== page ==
WHEN George W Bush was President of the United States of America, the world experienced America at, arguably, its angriest, arrogant and violent state since the December 1941 Japanese attack on Pearl Harbour, the US Naval Base in Hawaii. Within a year after George W Bush won the US presidency, terrorists planned and successfully executed a series of attacks in New York and Washington, using hijacked passenger planes, and totally destroyed the twin towers of the World Trade Centre on Manhattan, partially destroyed the Pentagon, and killed some 3000 people in the process.
Furious and driven by the desire to track down and follow the snake into its hole, wherever it was found, George W Bush quickly divided the world into two parts; those who were with America and those who were against America. He made it clear to everyone that there could be no middle ground for any country. In his quest to hunt down the suspected leaders of the terrorists behind the attacks, he was prepared to shoot first and ask questions later, and that is exactly what the US military, of which he was Commander-in-Chief, did in many cases.
Many innocent people were killed in countries that were targeted by America. Where proof of complicity with the terrorists could not be produced, it was imagined and, in some cases, even fabricated. An understandably sympathetic, yet worried world community could only stand by and watch, because while it understood the anger, it lacked the power to reason with the angry bear that was America at the time, even in United Nations debates.
The world watched in horror as hundreds of thousands of innocent bystanders in countries like Iraq, Pakistan and Afghanistan paid the ultimate price for being in the wrong place at the wrong time. The image of brand America took a nose dive in perceptions the world over.
Many people either feared or loathed America for its actions, justified by it as the “war against terror”. For as long as he got what he wanted, i.e. track down and arrest or kill anyone who was suspected to have ties with the perpetrators of what became known as the ‘September 11 attacks”, George W Bush did not give a toss about what the world thought of him and America.
It took the of 2009 arrival of President Barack Obama into the US Presidency for perceptions about brand America to start thawing, warming up for the best. He brought a young-looking, fresh face that promised to build more bridges of friendship for America and to end unnecessary wars. His handsome looks and oratorical gift saw him being received with open arms wherever he went.
Quickly understanding the need to go on a charm offensive in Europe and the Middle-East, he travelled to Berlin, Germany in July 2008, in the middle of a presidential campaign, and got a rapturous reception by more than a million German citizens who lapped his words like he was a messiah.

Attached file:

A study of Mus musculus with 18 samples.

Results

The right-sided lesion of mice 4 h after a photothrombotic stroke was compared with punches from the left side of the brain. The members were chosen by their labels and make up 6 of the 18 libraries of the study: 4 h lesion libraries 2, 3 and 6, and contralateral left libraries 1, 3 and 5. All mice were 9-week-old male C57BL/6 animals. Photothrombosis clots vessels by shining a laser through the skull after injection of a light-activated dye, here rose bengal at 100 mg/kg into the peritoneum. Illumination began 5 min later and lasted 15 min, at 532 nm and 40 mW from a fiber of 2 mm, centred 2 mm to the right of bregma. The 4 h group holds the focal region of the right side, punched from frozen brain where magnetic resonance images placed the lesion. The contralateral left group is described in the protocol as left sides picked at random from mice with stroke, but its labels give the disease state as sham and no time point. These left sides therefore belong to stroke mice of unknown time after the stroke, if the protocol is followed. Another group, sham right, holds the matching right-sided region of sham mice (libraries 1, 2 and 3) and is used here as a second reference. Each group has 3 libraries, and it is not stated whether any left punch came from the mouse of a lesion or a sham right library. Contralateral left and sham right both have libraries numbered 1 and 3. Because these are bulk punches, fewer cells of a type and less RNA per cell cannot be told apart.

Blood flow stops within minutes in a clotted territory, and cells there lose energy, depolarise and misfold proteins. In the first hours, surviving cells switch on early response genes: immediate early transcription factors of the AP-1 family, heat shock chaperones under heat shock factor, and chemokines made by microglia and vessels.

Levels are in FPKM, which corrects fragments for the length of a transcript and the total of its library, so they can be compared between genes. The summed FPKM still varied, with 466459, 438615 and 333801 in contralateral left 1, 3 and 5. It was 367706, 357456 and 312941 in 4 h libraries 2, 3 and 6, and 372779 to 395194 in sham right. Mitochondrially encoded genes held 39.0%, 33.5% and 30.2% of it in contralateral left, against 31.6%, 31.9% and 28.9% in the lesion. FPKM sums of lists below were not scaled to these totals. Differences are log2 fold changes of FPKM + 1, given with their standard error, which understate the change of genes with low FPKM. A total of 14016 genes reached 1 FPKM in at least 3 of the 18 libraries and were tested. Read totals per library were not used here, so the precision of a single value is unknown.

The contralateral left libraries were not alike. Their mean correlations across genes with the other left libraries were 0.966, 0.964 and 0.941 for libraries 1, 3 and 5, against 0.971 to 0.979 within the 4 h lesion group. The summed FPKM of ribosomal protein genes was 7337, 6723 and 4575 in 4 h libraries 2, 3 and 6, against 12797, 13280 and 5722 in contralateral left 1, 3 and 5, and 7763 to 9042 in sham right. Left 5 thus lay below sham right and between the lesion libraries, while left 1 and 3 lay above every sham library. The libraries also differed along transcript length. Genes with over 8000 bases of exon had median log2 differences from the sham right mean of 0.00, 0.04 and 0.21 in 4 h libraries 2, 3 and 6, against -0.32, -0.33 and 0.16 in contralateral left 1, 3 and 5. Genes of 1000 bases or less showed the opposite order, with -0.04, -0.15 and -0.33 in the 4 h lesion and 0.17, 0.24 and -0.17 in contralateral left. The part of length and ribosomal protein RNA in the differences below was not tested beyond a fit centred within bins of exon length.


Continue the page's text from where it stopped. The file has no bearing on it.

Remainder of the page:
This visit was followed by another, in June 2009, to Egypt, where he addressed students at the University of Cairo, promising them a better America; one that would go out to mend fences and build bridges with the Arab world. Like with the Brandenburg Gate speech in Germany almost a year earlier, whatever negative feelings people might have felt towards America during the George W Bush years seemed to dissipate in a cloud following the Obama address in Cairo. They believed him and were willing to give brand America another chance.
Now, Mmusi Maimane is no Barack Obama, even though many seem to believe that is where he gets his oratorical inspiration from. And he probably often sees Obama when he looks in the mirror. He is also not a new President of South Africa. But to many, his election as the first ever black leader of South Africa’s main opposition party, the second biggest and historically white opposition party in our national parliament, heralds a new era in our national politics.
Ironically, and even before he starts spending his political capital, his election confirms the health of South Africa’s multi-party dispensation. If he heeds good counsel and spends his political capital well over the next twelve months, he may well lead to an unprecedented change in South Africans’ voting patterns and a reversal of fortunes for brand SA, which has taken a lot of beating in recent years and months.
In a world where brand image can make or break fortunes, the quality of political leadership can attract or discourage new investments. Our country’s image is in desperate need of a reprieve from the onslaught that it has been receiving of late.
It needs a leader who can go out there and assure the world that, orphaned as we are following Mandela’s passing, we’re still a country and economy to reckon with and that we can still be looked up to as a robust African world player.
Which political party will give us the national leader we so badly need as we head towards the 2016 local government elections?